AT noon on January 20, as Joe Biden gazed out across the National Mall, he was surrounded by symbols of the harsh reality America was enduring.
Where hundreds of thousands of onlookers would gather to witness the swearing in of a new President, thousands of flags stood in their place. With Covid-19 running rampant throughout the country, the crowds were told to stay home. Enveloping the Capitol were 25,000 National Guardsmen, brought in as extra security following the attempted insurrection by a violent mob two weeks earlier.
Biden called for unity in his inauguration speech, critiquing the state of politics in the country: “Politics doesn’t have to be a raging fire, destroying everything in its path. Every disagreement doesn’t have to be a cause for total war.”
He also took aim at the toxic lies that have not only hindered government attempts to halt the spread of Covid-19, but also turned Americans against each other: “We must reject the culture in which facts themselves are manipulated and even manufactured”.
Though the concept of dishonesty in politics is not novel or new, the Trump presidency supercharged it to a point not seen before in America.
The Washington Post recently reported that Trump made 30,573 false or misleading claims as president.
From laughable lies about inauguration crowd sizes to more worrying lies relating to the landfall of Hurricane Dorian, Trump, and his political and media enablers, spent four years undermining concepts of truth and objectivity. Any person or organisation trying to counter his falsehoods was hounded and abused.
Trump regularly attacked the free press, describing them as “enemies of the people” (a term that has dark echoes of the fascist governments of the 1930s). His supporters have attempted to write off his falsehoods as mere hyperbole, but the past year has shown the devastating consequences his deceitful rhetoric has had on the nation.
Trump’s lies corrupted public perception of democracy itself.
With most polls showing he was trailing Joe Biden, he spent the months before the election seeding the idea that the entire process would be rigged. He wrongly claimed on Election Day that he had won; tweeting “They are trying to steal the election” mere hours into the vote count. But the simple fact is, he lost. Seven million more people voted for Biden and he won the majority of electoral college votes.
Aided by a Republican party that was unwilling to confront him, Trump spent the next two months repeating this lie. He sent teams of lawyers to local courts in a bid to overturn the election results. His allies in right-wing media outlets like Fox News, OAN and Newsmax brought this lie into millions of homes across the country. Far-right activists, inspired by claims of a stolen election, threatened the lives of election workers and officials.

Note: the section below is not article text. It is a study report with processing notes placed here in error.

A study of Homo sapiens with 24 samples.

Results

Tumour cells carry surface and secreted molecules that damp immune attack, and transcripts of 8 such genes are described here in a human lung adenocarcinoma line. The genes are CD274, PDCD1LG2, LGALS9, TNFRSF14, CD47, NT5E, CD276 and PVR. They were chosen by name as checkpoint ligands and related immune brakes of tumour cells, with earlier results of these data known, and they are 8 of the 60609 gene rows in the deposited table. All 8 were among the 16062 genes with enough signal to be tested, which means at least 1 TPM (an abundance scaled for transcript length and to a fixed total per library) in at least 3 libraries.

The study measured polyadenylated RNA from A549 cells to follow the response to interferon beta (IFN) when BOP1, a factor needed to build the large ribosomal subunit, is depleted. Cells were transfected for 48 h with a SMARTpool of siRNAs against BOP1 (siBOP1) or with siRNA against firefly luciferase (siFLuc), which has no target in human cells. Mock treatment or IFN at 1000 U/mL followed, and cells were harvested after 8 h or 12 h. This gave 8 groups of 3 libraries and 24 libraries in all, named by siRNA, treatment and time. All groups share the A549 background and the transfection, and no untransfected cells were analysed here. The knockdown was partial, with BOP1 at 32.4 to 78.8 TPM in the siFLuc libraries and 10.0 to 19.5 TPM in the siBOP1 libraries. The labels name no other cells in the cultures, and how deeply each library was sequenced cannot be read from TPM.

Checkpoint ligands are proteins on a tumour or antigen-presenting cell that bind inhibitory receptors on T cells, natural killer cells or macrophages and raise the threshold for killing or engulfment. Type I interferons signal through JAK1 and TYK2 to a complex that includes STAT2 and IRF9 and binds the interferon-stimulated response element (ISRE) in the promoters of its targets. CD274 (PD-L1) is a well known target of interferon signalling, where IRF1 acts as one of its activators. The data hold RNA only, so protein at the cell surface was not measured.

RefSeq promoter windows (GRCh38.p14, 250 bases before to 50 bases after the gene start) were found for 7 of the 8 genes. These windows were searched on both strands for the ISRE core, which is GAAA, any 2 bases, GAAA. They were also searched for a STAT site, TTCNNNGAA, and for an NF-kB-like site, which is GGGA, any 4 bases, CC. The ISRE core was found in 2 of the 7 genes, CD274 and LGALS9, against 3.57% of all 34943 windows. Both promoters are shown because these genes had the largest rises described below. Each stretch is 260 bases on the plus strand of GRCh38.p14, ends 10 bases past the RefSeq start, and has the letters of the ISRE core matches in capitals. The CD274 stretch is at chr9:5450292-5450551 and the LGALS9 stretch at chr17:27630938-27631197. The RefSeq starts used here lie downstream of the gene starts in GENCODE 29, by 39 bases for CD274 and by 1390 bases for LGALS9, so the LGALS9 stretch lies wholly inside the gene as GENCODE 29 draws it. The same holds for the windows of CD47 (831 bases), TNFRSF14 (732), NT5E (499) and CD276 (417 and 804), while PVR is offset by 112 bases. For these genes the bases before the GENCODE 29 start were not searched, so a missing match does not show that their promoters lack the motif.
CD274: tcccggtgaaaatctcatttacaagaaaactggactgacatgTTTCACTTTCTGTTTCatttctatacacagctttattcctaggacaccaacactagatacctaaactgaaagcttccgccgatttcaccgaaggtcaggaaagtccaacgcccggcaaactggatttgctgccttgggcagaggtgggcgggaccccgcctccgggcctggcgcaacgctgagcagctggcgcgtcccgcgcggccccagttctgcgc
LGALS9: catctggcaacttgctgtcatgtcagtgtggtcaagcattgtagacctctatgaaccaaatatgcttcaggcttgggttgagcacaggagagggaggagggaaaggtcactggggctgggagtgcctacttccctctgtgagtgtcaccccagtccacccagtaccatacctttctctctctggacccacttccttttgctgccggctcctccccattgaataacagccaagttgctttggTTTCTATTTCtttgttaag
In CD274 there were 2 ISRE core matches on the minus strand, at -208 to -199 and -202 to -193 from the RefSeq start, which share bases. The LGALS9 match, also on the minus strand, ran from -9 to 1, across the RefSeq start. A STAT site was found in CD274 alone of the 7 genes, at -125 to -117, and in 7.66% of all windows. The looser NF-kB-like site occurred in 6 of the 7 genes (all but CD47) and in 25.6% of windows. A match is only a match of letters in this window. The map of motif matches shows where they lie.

As Trump’s lawyers lost case after case in courthouses across the land, the President’s supporters began to see the joint session of Congress on January 6 as a last roll of the dice.
That day, at a rally titled ‘Save America’, he addressed a crowd of thousands, urging them to march on the capital to protest the certification of the election votes; apocalyptically suggesting this was the last chance for America: “We fight like hell, and if you don’t fight like hell, you’re not going to have a country anymore”
Hours later, rioters stormed the capitol building, constructing gallows and calling for the deaths of Congress members.
The damage this disinformation campaign did to American democracy was immense, with millions of Americans now believing that the 2020 election was fraudulent.
Trump’s inability to tell the truth undoubtedly affected the government response to the Coronavirus pandemic.
He was so fearful the virus could negatively affect the economy and his chances of re-election that he downplayed its danger to the public. He retweeted anti-mask posts, presented untested chemicals as miracle cures and attacked Democratic governors for enforcing lockdowns. He mocked then-Presidential candidate Biden’s decision to wear a mask, turning a public health recommendation into a partisan political choice.
This became evident at his campaign rallies where tens of thousands of his supporters were packed together with no requirement to wear masks. When it became apparent the virus was out of control, Trump chose to ignore it, even going so far as to question the legitimacy of the data. His tweet on January 3 (one of his last before his account was deleted) highlights this dangerous dishonesty.
“The number of cases and deaths of the China Virus is far exaggerated in the United States because of @CDCgov’s ridiculous method of determination compared to other countries, many of whom report, purposely, very inaccurately and low. When in doubt, call it Covid.’ Fake News!”
Trump’s continual downplaying of the severity of the virus had the knock-on effect of reducing public vigilance, hindering public health efforts to reduce transmission.
The U.S now leads the world in deaths and infection rates. Over 400,00 Americans have died in the last year; 25 million have been infected.
The fall-out from Trump’s lies will last for many years. He undermined scientific advice and politicised the response to the pandemic. He emboldened the extremist forces who were previously on the fringes of American society, validating their conspiracy theorists with re-tweets and passivity. Trust in science and institutions of government has fallen, at the exact moment when they are needed the most.
Biden’s quest for unity will rest heavily on his capacity to align political debate with objective fact. Years of exposure to falsehoods and partisan media outlets has created an alternative reality for many Americans. For the Biden Administration, clearing this fog of disinformation will be central to its success.
ABOUT THE AUTHOR
Anthony Angelini is a part-time lecturer at UCC. He has a Master of Philosophy (MPhil), International Peace Studies.